Watch as This Robot Pizza Chain Operator Breaks Down the Cost Each Part of the Pizza-Making Process

For small operators (and big ones as well) in the pizza business, Andrew Simmons’s posts on Linkedin have become must-read material.

That’s because Simmons, who I wrote about last year as he experimented with utilizing pizza automation technology in his San Diego area restaurant, has open-sourced his learnings as he continues experimenting with various forms of technology. And boy, is he experimenting!

And it’s not just automation (though that’s a big part). He’s constantly tinkering with every part of his restaurant tech stack as he expands beyond his original restaurant and looks to create a nationwide chain of tech-powered pizza restaurants. Add in the fact that he’s utilizing a crowdfunding model in which he sells subscriptions and a share of future pizza profits, and Simmons has created a live in-process testing lab for how to build a next-gen pizza chain that everyone can learn from.

One example of his highly detailed learnings that I found fascinating is his post today detailing the cost-per-pizza after allocating the costs of the different pizza-making automation he’s deployed in one of his restaurants. The video, seen below, shows how much each part of the process — dough making, doughball prep, dough-pressing, toppings allocation — costs and how he arrives at a 2024 price-per-pie of $1.91.

Simmons details how he’s tinkered with different automation systems over the past year and how they’ve impacted the price. One change he’s tinkered with is switching out the Picnic pizza robot for a Middleby Pizza Bot, which is more expensive but handles more of the pizza-making process and requires less human intervention.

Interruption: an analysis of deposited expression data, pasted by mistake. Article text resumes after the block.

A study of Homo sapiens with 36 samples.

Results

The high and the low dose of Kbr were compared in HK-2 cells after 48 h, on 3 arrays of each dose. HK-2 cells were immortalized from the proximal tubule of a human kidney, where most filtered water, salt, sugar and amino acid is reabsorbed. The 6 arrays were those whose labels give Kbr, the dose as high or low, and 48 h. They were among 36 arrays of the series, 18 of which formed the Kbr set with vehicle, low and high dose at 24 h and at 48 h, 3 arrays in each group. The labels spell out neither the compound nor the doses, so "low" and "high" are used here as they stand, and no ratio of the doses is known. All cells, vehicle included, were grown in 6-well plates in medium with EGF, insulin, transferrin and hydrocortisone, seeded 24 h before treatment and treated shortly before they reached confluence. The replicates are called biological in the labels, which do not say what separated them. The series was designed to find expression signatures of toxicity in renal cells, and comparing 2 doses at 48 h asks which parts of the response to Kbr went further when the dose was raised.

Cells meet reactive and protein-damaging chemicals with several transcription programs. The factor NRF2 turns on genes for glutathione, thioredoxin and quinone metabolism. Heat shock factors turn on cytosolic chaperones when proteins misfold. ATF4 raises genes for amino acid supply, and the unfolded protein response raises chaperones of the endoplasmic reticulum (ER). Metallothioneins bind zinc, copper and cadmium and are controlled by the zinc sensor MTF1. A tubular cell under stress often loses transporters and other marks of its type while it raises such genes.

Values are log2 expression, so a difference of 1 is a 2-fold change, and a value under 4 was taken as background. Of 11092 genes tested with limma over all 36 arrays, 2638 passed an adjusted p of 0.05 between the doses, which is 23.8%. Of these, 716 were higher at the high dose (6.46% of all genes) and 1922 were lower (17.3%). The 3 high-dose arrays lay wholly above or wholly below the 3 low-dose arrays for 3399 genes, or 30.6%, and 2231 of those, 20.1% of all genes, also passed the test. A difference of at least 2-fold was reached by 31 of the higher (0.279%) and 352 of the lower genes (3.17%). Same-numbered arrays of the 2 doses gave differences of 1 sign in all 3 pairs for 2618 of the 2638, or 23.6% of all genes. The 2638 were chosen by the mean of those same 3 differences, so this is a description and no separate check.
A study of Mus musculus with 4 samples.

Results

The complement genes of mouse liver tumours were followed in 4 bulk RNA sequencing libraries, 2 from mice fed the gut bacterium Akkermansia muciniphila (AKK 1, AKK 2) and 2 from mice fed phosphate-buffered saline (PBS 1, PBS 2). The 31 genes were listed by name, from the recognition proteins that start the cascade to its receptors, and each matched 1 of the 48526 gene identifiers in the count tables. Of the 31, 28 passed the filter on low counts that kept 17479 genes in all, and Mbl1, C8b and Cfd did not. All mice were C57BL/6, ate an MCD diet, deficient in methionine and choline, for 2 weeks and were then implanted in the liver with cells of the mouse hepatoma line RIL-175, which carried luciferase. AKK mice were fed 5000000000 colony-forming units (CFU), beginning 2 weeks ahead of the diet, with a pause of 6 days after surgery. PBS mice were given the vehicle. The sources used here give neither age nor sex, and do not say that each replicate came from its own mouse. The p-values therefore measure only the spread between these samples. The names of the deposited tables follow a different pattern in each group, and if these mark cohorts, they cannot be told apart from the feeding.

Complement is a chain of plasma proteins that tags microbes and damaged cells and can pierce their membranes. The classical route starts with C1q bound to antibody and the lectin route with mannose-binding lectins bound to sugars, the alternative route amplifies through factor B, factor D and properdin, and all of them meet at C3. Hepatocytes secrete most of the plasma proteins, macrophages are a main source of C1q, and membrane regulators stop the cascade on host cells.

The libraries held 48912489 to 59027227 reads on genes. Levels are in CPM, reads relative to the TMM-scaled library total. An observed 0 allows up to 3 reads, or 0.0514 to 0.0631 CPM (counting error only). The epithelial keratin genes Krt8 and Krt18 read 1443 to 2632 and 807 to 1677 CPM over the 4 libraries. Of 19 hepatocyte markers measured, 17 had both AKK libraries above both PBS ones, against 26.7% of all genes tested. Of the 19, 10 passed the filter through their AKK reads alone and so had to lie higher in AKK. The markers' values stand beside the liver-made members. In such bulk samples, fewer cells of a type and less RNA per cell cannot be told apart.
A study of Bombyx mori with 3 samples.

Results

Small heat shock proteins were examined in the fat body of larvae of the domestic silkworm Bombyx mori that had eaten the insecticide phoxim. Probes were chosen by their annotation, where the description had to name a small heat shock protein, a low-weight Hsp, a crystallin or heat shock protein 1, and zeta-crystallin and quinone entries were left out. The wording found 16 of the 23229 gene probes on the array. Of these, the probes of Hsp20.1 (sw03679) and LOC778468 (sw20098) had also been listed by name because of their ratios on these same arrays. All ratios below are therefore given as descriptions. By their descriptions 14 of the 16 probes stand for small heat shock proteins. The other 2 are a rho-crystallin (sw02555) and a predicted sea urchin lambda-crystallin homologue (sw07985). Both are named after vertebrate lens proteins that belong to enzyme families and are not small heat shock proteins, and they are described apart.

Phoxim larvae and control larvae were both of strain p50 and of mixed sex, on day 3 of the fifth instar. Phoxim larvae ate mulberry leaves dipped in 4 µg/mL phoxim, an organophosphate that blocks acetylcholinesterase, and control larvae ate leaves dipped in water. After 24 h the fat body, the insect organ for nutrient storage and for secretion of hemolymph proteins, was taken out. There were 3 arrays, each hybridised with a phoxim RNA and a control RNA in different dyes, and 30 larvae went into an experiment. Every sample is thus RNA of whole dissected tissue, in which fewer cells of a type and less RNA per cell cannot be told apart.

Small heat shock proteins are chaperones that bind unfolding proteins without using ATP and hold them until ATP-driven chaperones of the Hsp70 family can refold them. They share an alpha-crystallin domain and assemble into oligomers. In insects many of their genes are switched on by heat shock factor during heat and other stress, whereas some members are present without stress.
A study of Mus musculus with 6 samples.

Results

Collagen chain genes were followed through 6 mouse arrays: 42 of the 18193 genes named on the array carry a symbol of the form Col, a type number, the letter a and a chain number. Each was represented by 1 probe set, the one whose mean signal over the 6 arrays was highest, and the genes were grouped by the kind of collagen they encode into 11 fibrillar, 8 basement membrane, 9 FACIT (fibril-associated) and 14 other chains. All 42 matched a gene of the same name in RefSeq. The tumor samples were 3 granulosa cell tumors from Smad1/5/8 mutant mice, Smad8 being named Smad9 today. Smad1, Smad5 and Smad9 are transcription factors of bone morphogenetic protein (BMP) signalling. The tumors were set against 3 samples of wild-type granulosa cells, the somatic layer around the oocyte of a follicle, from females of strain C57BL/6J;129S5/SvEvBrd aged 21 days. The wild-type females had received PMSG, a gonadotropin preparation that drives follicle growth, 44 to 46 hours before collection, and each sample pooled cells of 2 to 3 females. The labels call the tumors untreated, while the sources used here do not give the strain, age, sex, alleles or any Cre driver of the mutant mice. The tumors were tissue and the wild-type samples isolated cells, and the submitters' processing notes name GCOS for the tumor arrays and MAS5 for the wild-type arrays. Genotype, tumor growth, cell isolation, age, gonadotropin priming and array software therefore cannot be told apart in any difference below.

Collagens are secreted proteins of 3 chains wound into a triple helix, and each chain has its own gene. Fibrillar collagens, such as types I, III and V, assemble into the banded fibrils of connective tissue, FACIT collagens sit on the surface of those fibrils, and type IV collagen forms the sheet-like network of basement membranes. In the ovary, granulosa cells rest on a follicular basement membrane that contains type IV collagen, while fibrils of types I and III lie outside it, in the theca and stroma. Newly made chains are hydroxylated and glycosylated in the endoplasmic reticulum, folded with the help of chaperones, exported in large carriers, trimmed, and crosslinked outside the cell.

From Simmons’s post:

Last year, the financial model was built using the Picnic Pizza Station. It was more expensive last year than it is today. This year, I’ve incorporated The Middleby Corporation Automation tool into the equation, but either unit could work. Middleby is a little more costly, adding about 60¢ to the per pizza estimate, but it takes the pizza from dough blank to cooked, whereas the Picnic requires some intervention to cook it. Picnic runs about 38¢ per pizza this year.

Simmons points to recent changes in California’s employment laws as one motivator for his becoming an early adopter of these solutions, saying that the changes will lead to more restaurant chains experimenting with automation.

“Thank you to the pioneers in this space that have tried, adopted, succeeded or failed, equipment manufacturers and restaurateurs alike; and to Governor Newsom, for accelerating adoption of automation,” wrote Simmons.

You can (and I suggest you do) follow Simmons’s posts about his journey to build a robotic restaurant chain on Linkedin.